Strong, Sustainable, Balanced and Inclusive Growth

After the financial crisis, G20 Leaders pledged to work together to ensure a lasting recovery and strong and sustainable growth over the medium term by implementing the G20 Mutual Assessment Process (MAP). To meet this goal, they launched the Framework for achieving strong, sustainable, and balanced growth, which is being implemented in the G20 Framework Working Group (FWG). The OECD actively participates in the FWG.

As a part of its wider contribution to the Framework, the OECD has launched its Going for Growth report, often at the margins of the G20 Finance Minister and Central Bank Governors meetings, which identifies and assesses G20 countries’ progress to advance structural reforms that could boost sustainable and inclusive growth.

With the pandemic outbreak, the OECD contributed under both the Saudi and Italian Presidencies in 2020 and 2021 to the Action Plan adopted by Finance Ministers to overcome the economic crisis and its social consequences, leveraging its analysis on structural policies for the recovery and the latest edition of the Going for Growth. The OECD has also provided the latest insights on the global economic outlook and policy responses to the crisis in G20 economies.

The Italian G20 Presidency has also put forward several initiatives to consolidate the G20’s crisis response and the transition towards a more sustainable, inclusive, balanced and resilient global recovery. Under Italy’s leadership, the G20 has updated and monitored the implementation of the G20 Finance Ministers’ and Central Bank Governors’ (FMCBG) Action Plan and reinforced its recovery and environmental dimensions. The Italian Presidency has also advanced discussions in the FWG on the G20’s monitoring of risks to the global economy, with a particular focus on macroeconomic policy settings through the recovery and climate change, which have been supported by OECD contributions on the economic impacts of environmental policies.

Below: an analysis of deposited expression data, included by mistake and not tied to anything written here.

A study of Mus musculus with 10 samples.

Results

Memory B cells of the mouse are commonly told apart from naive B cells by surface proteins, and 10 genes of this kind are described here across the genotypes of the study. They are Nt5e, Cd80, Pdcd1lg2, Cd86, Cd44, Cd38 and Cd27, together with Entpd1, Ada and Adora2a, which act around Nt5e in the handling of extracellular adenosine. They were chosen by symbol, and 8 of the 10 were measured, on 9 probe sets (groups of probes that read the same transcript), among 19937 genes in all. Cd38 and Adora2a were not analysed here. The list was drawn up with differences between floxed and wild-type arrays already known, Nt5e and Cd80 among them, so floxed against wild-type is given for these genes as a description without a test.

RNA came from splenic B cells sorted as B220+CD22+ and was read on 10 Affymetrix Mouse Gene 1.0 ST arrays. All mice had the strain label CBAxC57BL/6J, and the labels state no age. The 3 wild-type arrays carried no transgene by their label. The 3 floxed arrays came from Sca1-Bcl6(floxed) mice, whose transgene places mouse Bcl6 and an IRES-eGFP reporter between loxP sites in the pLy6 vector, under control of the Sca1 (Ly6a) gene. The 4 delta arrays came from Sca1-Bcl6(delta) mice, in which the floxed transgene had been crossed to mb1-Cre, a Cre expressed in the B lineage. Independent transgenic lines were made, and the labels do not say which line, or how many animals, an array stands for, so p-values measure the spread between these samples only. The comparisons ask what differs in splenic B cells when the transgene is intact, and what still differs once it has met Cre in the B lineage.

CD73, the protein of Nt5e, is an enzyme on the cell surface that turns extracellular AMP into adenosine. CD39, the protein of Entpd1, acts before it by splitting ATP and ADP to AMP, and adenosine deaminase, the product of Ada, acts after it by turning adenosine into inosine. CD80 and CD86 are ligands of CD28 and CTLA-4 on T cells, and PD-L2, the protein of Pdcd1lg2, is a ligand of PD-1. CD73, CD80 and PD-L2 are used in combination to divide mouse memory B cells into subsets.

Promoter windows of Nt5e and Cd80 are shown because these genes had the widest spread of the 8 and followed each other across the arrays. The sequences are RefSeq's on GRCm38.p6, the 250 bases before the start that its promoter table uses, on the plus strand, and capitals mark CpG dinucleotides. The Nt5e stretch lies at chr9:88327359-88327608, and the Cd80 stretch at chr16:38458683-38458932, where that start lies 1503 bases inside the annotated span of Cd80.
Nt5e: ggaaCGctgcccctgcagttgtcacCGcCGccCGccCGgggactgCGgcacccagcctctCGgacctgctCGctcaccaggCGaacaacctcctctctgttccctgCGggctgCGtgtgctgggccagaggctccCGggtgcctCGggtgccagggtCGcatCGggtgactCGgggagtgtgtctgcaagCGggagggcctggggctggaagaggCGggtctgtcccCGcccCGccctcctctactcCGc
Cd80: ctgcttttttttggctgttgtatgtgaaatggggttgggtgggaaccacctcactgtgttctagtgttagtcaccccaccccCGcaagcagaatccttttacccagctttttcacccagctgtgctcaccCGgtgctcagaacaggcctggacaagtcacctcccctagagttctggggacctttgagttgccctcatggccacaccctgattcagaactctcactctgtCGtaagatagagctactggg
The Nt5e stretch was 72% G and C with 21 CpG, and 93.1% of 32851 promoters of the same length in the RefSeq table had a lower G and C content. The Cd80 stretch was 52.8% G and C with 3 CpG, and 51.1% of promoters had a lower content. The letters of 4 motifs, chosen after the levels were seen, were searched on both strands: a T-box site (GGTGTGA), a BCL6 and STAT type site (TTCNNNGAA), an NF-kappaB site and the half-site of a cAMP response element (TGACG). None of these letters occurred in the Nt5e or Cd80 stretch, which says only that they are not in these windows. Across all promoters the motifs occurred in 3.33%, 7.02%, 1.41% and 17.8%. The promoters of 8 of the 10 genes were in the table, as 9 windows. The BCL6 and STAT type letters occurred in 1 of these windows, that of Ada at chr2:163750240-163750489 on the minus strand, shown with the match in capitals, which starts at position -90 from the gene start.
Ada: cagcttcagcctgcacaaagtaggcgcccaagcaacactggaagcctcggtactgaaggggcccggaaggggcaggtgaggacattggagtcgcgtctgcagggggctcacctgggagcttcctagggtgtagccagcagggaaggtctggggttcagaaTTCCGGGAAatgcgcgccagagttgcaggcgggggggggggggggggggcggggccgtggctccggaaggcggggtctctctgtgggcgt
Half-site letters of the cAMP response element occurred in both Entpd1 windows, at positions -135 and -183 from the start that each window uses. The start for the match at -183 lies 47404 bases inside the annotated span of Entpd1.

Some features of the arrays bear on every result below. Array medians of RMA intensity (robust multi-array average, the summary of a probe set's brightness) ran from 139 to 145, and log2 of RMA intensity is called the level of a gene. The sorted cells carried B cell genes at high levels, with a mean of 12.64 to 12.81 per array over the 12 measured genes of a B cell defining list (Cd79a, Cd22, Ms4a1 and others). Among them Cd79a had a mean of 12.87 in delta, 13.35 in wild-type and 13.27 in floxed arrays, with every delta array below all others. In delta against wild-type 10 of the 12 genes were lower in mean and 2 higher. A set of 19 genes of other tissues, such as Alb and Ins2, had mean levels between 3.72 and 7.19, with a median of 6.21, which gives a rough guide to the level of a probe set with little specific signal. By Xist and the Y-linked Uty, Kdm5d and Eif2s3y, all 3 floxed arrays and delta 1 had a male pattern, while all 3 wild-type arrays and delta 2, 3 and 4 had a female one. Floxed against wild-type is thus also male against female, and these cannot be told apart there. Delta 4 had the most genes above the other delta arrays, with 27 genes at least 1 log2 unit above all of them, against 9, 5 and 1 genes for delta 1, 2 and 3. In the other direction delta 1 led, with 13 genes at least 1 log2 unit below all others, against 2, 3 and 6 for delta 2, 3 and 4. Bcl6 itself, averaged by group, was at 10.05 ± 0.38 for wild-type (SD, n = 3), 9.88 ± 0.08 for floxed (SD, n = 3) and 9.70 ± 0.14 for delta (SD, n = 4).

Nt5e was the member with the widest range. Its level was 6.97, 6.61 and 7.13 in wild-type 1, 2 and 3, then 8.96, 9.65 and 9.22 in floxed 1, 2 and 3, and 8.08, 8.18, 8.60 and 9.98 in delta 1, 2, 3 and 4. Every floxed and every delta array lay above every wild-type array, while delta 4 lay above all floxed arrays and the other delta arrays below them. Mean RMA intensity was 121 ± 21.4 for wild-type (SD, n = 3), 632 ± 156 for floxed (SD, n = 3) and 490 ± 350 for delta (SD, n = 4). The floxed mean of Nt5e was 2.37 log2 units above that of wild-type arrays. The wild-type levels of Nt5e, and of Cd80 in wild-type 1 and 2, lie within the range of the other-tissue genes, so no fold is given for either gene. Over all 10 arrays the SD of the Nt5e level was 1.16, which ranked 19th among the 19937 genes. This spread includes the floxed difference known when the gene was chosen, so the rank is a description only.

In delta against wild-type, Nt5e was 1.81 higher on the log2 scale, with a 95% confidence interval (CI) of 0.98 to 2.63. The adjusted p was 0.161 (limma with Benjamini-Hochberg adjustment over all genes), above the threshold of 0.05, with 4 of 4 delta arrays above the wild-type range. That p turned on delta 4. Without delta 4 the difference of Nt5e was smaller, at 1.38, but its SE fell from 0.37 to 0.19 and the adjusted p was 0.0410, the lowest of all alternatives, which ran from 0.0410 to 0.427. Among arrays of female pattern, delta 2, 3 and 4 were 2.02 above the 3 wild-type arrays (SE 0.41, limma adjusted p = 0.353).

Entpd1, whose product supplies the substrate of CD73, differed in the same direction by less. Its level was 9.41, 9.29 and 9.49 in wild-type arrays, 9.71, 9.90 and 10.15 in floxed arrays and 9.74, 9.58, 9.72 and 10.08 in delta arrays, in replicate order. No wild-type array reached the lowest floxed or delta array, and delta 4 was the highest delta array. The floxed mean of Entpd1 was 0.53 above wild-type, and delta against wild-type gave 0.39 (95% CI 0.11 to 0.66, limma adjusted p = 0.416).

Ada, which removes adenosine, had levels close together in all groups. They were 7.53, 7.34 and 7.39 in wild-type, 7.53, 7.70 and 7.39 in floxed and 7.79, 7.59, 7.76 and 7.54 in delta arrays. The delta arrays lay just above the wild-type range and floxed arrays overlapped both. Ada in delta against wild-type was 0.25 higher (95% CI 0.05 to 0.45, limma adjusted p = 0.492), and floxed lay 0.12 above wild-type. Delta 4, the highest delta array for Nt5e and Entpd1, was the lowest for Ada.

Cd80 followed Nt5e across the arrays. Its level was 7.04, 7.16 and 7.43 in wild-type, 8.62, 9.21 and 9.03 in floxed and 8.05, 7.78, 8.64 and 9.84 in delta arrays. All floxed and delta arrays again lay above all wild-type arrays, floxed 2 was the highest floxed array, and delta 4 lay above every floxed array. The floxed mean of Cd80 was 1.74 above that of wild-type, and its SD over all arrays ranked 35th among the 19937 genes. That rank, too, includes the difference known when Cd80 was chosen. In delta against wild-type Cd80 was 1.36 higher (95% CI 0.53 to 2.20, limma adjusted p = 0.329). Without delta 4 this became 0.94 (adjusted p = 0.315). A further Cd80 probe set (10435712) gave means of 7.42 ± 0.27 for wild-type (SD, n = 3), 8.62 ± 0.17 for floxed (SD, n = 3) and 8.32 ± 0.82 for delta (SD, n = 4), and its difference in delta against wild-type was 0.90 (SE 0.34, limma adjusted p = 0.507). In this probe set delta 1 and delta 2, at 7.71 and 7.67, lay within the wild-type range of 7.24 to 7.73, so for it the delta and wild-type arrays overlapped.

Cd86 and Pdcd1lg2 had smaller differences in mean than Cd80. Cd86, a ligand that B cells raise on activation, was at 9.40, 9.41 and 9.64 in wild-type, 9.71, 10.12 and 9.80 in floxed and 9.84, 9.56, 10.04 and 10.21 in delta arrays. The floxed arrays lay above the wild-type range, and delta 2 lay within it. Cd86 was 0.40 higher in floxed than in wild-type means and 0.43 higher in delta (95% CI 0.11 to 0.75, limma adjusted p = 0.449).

OECD’s contribution to the Framework

The OECD contributed to the design of the G20 National Growth Strategies under the Australian Presidency (2014), which aimed at lifting the global GDP by 2% above the baseline by 2018 (2-in-5 ambition). Since then, the OECD, together with IMF, has been monitoring, assessing and quantifying the implementation of the National Growth Strategies to reach the 2-in-5 ambition.

Under the Chinese Presidency (2016), G20 leaders agreed on an Enhanced Structural Reform Agenda, which identifies nine priority areas of structural reform and a set of guiding principles. The OECD supported this agenda by delivering to Ministers during the German Presidency, a report on the Enhanced Structural Reform Agenda which assesses progress in structural reforms under the nine priority areas.

Under the German Presidency, in 2017, the G20 countries adopted G20 principles to enhance the resilience of the G20 economies. The OECD provided support for the Principles by producing a Policy Paper on Economic Resilience and Structural Policies.

To support the Argentine Presidency’s priority on the future of work in 2018, the OECD delivered an overview paper on the macroeconomic implications and policy needs of new breakthrough technological advances for the future of work. The OECD also prepared papers on tax policies and competitive conditions that informed the G20 Menu of Policy Options for the Future of Work.

In 2019, the OECD contributed to the Japanese Presidency work on fiscal challenges and inclusive growth in ageing societies.
Under Saudi Arabia’s Presidency in 2020, as part of discussions around the macroeconomic policy response to the pandemic and the G20 FMCBG Action Plan, the OECD put forward the report New Horizons: Structural Policies for a Strong Recovery and a Sustainable, Inclusive and Resilient Future. The OECD also provided analytical support to Saudi Arabia’s G20 priorities through its paper on Enhancing Equal Access to Opportunities for All in G20 Countries.

In 2021, the OECD has delivered to the Italian G20 Presidency detailed analysis regarding digitalisation and productivity, which has served to inform Italy’s G20 Menu of Policy Options - Digital Transformation and Productivity Recovery endorsed by FMCBGs in July 2021. This contribution focused on 3 key issues: i) addressing the twin issue of productivity slowdown and rising gaps in productivity and wages; ii) harnessing the opportunities and addressing the challenges of the development of digital platforms in G20 countries, highlighting policy options to boost their diffusion to reap their productivity and resilience benefits while addressing their disruptive effects, including those related to job quality and social protection; and iii) investments in intangible assets complementary to digital diffusion, such as skills, information, innovative property, logistics and organisational capital and their potential to reverse the global productivity slowdown and increase resilience to shocks such as the COVID-19 crisis.